The building of the Pisa’s Walls began in 1154 in the area of the city north of the Arno river; the construction lasted until 1161, followed by a further completion in 1284 in the area of Cittadella Vecchia.
In the area south of the Arno, the walls building was completed in 1186. The construction of the walls went on with the building of embankments, towers and with the rise of some ways; therefore, we can say that the city Walls as a whole were built over about a century and a half.
Further interventions for the building of Cittadella Nuova (current Giardino Scotto), which is south-east of the city walls and other bastions, took place after the Florentine occupation between XV and XVI century. The city Walls’ total perimeter measured 6.435 meters with an inner surface of 201.8 hectares. Respectively the north area measured 4.678 meters with a surface of 137.4 hectares and the south area measured 1.757 meters with a surface of 64.4 hectares. The layout of the walls followed the natural elements, above all water courses that lapped and crossed the city centre. Until the second half of XIX century the city Walls remained mostly unchanged; later, with the expansion of the city the walls weren’t protected and significant demolitions took place.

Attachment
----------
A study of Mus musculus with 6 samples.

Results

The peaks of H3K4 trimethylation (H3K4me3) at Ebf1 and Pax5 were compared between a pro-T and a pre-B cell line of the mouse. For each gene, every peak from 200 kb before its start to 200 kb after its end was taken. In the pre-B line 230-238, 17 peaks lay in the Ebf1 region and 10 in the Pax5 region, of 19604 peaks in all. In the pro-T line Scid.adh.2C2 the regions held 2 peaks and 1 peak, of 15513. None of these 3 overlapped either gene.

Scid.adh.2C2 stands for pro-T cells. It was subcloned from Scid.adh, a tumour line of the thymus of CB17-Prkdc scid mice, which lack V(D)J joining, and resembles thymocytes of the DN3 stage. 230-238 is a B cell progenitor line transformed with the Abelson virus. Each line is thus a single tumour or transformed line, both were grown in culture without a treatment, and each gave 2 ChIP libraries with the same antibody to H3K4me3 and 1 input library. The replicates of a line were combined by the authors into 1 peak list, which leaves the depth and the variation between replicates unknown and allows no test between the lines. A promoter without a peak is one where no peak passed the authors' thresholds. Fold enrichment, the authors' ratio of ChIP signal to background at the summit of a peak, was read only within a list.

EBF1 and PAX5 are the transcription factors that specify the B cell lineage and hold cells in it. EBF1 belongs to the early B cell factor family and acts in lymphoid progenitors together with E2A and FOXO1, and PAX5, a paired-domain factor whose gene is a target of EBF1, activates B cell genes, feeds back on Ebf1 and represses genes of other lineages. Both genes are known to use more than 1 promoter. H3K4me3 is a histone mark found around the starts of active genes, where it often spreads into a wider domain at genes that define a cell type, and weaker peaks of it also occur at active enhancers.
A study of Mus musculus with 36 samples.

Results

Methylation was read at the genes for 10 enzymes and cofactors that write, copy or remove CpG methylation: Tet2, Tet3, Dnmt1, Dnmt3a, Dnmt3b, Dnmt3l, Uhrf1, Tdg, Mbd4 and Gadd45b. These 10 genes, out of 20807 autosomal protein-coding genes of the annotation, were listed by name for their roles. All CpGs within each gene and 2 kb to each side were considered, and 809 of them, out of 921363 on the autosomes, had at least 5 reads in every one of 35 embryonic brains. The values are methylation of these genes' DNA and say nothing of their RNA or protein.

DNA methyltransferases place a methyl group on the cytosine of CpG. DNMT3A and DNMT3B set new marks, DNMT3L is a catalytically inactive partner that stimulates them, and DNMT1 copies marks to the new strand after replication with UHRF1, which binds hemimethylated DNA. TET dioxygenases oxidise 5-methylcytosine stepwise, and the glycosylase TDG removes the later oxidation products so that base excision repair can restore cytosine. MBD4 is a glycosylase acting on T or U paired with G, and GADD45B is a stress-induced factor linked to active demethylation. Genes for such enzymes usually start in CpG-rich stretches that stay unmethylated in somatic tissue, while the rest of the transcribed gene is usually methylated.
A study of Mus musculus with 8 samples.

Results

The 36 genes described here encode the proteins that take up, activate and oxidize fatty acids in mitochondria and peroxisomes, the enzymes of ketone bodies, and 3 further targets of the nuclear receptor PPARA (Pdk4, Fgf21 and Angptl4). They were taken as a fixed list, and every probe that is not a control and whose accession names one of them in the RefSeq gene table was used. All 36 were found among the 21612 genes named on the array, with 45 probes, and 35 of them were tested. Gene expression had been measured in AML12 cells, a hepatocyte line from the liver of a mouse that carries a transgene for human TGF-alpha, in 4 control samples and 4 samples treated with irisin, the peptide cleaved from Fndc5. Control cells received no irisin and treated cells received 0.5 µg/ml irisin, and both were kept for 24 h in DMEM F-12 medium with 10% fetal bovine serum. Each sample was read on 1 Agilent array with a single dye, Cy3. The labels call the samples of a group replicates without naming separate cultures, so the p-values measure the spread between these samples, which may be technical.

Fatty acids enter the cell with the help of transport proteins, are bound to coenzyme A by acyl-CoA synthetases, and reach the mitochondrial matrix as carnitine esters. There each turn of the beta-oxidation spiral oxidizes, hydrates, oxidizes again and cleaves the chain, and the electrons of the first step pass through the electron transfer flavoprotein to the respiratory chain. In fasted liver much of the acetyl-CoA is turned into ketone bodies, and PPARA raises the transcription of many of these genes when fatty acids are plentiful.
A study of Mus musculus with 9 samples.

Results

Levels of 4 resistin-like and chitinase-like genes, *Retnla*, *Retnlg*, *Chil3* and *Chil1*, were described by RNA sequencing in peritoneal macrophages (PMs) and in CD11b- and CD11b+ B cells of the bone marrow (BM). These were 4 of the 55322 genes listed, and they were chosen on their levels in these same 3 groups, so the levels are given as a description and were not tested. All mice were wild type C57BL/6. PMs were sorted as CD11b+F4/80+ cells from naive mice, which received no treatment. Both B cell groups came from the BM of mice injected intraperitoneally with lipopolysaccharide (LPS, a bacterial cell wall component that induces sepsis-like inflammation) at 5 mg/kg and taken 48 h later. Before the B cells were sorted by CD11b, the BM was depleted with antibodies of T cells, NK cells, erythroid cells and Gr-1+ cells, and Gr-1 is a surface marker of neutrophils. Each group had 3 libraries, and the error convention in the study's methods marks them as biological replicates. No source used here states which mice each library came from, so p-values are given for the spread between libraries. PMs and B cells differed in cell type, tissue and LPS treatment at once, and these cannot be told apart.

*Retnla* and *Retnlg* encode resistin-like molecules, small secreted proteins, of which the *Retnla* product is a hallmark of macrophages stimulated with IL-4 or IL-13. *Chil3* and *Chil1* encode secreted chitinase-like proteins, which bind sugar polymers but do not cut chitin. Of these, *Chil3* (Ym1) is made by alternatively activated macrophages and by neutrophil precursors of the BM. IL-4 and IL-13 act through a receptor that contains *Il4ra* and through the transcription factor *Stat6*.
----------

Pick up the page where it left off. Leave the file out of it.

By the half of XIX century the development of the city was mostly limited within the city walls; in most of the circuit of the walls there was still the street Murorum, that is the space left free both inside and outside, represented by areas or public street open to all.
This device derived from municipal laws already established since 1287. The so called “pomerium” was signed with boundary stones planted in the ground at a distance of 3 Pisan poles within the walls, corresponding to about 5.25 meters and at a distance of 8 poles outside the walls, equivalent to about 14 meters. Between the first years of XX century until 1960, many of these areas were occupied, above all inside the walls, by vegetable gardens, gardens and buildings.
After the last war also the free areas outside the walls were occupied, above all the ones situated east of the city, of the current via Vittorio Veneto until the current via del Borghetto, where the city walls aren’t visible anymore and are enclosed almost entirely in private areas.
Regarding the plan for interventions for sustainable urban development, the walls project has been not only a device for the upgrading and the safeguard of one important monumental system, but also a true and proper urban project which gives voice to the whole historical city, throughout the walls system and creating relationships, returns and synergies with the spaces and the architectural complexes inside and outside the Walls.